Giving Birth After Fertility Problems Linked to Longer Relationships
Having a child boosts a couple's chances of staying together. A new study found that women who have children after experiencing fertility problems are more likely to remain with their partner.
The latest study revealed that nearly 27 percent of women were no longer living with the partner they had during fertility evaluation if they did not have a child.
Past studies reveal that fertility problems can have a physical and psychological impact on both partners. However, women are significantly more affected. Studies have also shown that unsuccessful fertility treatment can lower quality of life, increase stress levels, anxiety and depression for a couple. However, some other studies show that fertility problems can bring couples closer together through a perception of joint hardship.
"Prior studies show that fertility problems may cause marital or sexual distress for couples, which may potentially lead to separation or divorce," lead author Trille Kristina Kjaer with the Unit of Survivorship at the Danish Cancer Society Research Center in Copenhagen, Denmark, said in a news release. "Our study investigated if women who did not have a child after a fertility evaluation were likely to end the relationship with that partner."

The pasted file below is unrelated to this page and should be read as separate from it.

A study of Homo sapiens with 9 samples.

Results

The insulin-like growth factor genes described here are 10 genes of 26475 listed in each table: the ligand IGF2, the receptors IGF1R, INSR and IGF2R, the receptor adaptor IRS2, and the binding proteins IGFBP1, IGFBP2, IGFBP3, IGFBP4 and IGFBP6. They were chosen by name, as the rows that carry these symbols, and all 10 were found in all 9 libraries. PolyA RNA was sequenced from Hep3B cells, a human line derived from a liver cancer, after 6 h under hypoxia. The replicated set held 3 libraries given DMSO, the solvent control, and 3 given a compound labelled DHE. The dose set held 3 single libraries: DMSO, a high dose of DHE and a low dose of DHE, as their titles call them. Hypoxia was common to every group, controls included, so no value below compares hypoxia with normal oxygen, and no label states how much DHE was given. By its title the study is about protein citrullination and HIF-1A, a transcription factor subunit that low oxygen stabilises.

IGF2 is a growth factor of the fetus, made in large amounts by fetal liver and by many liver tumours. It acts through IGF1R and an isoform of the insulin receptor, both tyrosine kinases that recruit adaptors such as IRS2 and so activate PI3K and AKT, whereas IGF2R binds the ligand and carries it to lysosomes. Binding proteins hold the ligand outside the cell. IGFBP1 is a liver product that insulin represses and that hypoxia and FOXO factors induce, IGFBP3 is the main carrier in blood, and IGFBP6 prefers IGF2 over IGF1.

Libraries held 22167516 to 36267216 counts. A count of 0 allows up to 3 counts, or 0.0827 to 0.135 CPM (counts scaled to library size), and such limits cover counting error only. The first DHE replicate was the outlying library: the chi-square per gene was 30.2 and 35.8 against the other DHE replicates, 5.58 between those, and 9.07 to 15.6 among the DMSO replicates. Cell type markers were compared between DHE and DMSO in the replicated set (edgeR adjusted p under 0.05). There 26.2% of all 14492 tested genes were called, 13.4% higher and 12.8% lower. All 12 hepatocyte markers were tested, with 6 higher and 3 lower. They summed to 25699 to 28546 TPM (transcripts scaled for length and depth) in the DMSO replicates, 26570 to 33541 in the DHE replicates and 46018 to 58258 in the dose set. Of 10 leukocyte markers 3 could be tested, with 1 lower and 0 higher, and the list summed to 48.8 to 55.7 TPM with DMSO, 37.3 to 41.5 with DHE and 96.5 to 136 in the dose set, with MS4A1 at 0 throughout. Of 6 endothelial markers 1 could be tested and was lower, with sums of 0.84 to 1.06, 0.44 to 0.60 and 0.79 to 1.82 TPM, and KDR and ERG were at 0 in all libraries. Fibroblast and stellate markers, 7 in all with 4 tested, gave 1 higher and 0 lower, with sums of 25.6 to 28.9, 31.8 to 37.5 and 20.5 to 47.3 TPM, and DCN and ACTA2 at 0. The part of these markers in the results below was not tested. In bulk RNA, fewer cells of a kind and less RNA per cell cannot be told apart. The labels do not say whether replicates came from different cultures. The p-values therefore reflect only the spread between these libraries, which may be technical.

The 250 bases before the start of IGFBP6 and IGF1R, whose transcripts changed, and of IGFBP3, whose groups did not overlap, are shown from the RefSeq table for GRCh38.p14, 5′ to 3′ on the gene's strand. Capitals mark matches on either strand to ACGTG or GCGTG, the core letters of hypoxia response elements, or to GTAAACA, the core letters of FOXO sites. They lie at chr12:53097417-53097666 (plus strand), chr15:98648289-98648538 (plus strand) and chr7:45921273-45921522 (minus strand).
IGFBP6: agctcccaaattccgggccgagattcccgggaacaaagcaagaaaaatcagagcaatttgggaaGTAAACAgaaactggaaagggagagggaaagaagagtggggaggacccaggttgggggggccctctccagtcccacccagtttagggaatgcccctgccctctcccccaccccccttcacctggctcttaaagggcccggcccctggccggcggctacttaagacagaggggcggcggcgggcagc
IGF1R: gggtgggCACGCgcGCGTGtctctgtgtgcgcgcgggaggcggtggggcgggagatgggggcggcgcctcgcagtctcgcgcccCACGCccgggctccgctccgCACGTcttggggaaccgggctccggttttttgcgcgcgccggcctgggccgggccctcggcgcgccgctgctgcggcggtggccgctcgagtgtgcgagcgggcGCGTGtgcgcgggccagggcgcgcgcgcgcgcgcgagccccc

The latest study used data from 47,515 Danish women who were evaluated for infertility between 1990 and 2006. The women in the study had an average age of 32, and were followed for an average of seven years.
The findings revealed that 57 percent of women gave birth to at least one child following initial fertility treatment.
Researchers also found that women who did not give birth were up to three times more likely to divorce or end the relationship with the person with who they were living with at the time of fertility evaluation compared to those who gave birth.
"Our findings suggest that not having a child after fertility treatment may adversely affect the duration of a relationship for couples with fertility issues. Further investigations that account for marital quality and relational wellbeing of couples with fertility problems are now needed," Kjaer concluded.